From fashion to food & beverage to technology, customized products are becoming more and more commonplace in brick & mortar and digital selling environments. Forrester declared that mass customization is (finally) the future of products back in 2011, and Bain outlined rules for success in product customization in their 2013 brief. Bain’s survey of more than 1,000 online shoppers that year found that while less than 10% had leveraged customization, 25% to 30% expressed interested in doing so.
While mass product customization can often add to production costs, it is a differentiating tool that can lead to higher profits due to increased customer satisfaction and loyalty. Further, rather than using historic data and industry trends to guide production numbers, businesses can reduce waste by limiting production to the items that customers are seeking.
In many ways, customized products are a new form of old-school luxury and personalization. Just as consumers went to tailors for bespoke fashions in the past, today’s shoppers are looking for custom products that meet their exact specifications and needs. Product customization provides consumers with a sense of exclusivity and importance, while leveraging the technology solutions of today to scale and simplify production to reach the widest market possible.
When implemented correctly, product customization addresses several important psychology concepts, including ‘overchoice,’ ‘analysis paralysis,’ and ‘cognitive dissonance.’ These concepts are linked to the decision-making challenges that occur when a person is presented with too many options. If you’ve ever spent 10 minutes staring at a wall of peanut butters at the grocery store, or have been overwhelmed by the number of toothpaste variations at a drugstore, you’ve experienced ‘analysis paralysis.’
More choices → More outcomes → More risk and opportunities for regret and dissatisfaction
Customization eliminates the stresses and pitfalls associated with too many choices by leaving the consumer with one solution that is tailored specifically and purposefully to their needs and desires.
Today, countless businesses in a number of industries have ventured into the world of custom products. For the purposes of this article, we’ll focus on three specific industries.
- Food & Beverage
For years, retailers and consumers alike have been customizing apparel. Designers have created custom pieces and outfits, and tailors have altered items to meet individual specifications for decades. However, traditionally customized apparel can be cost-prohibitive, and the amount of time it takes to create or alter a custom piece can be a deterrent for shoppers seeking instant (or near-instant) validation from a purchase.
Ecommerce solutions are beginning to address these issues. For instance, Zazzle is an online marketplace of designers who provide made-to-order customizable products. Shoppers can browse and purchase head-to-toe apparel in styles custom to their tastes using pieces from their network of artists and designers. On a much larger scale, international footwear and apparel brand, Nike, offers custom sneakers, designed performance, fit and style, through their NIKEiD online portal. Shoppers can specify things like color, materials, feature and fit based on a catalog of options.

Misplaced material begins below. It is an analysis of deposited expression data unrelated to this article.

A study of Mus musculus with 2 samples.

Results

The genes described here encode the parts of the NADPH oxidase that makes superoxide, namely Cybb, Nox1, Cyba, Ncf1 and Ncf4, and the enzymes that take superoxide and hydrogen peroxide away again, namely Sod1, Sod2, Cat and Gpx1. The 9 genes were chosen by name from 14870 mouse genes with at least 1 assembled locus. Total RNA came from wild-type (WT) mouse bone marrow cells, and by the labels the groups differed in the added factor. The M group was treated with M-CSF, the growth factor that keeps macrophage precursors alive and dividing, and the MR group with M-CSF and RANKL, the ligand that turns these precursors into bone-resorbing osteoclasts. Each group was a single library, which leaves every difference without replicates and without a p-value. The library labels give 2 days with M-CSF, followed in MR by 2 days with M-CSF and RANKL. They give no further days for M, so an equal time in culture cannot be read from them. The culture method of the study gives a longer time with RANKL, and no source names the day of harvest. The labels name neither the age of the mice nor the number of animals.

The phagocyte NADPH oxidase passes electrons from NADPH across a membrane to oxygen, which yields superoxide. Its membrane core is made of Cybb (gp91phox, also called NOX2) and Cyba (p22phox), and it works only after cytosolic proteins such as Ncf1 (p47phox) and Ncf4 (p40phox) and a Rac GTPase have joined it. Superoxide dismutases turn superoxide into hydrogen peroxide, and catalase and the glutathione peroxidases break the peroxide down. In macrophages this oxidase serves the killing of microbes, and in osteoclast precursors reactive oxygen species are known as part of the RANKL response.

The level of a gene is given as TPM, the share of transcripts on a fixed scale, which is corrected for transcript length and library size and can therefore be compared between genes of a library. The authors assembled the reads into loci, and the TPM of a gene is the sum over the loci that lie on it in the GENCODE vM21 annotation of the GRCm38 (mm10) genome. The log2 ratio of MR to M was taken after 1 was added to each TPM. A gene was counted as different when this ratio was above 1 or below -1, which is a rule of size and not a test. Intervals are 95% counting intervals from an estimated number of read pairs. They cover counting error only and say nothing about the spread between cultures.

Customization has reached nearly every category of beauty product, including makeup, fragrance and haircare. Matchco is a new digital solution that leverages patented mobile technology to create a foundation shade that perfectly matches a customer’s skin tone. Luxury cosmetic brand Lancôme has created a similar solution, called Le Teint Particulier, that leverages a facial scanner to identify skin tone and guide the foundation formula blending. For haircare, Function of Beauty is a new company specializing in personalized shampoo and conditioner, customized to hair type, goals, and tastes. Each individual bottle of hair product is uniquely labeled and filled, down to the color of the formula itself.
The food & beverage is a fast-growing segment of the ecommerce industry, and while only select brands have forayed into customization so far, we expect that number to grow as consumers begin to demand that meals and snacks are just as personal as their clothing and personal care. Just as brick & mortar restaurants like Chipotle and sweetgreen have embraced customization as part of their service strategy, ecommerce businesses have begun to adopt the trend online. One such brand that has committed to customization is YouBar, a nutrition bar company that allows customers to create their own product through an interactive online survey with questions ranging from goals and lifestyle to protein type and sweetener used.
Product customization is a differentiating tool for businesses that can empower shoppers, boost satisfaction and loyalty, and lead to increased profits. Sellers of everything, from shampoo to sneakers to snacks, are realizing the value in allowing customers to create their own products to drive loyalty and differentiate, and platforms and configurators are enabling scalable mass customization through their advanced technologies.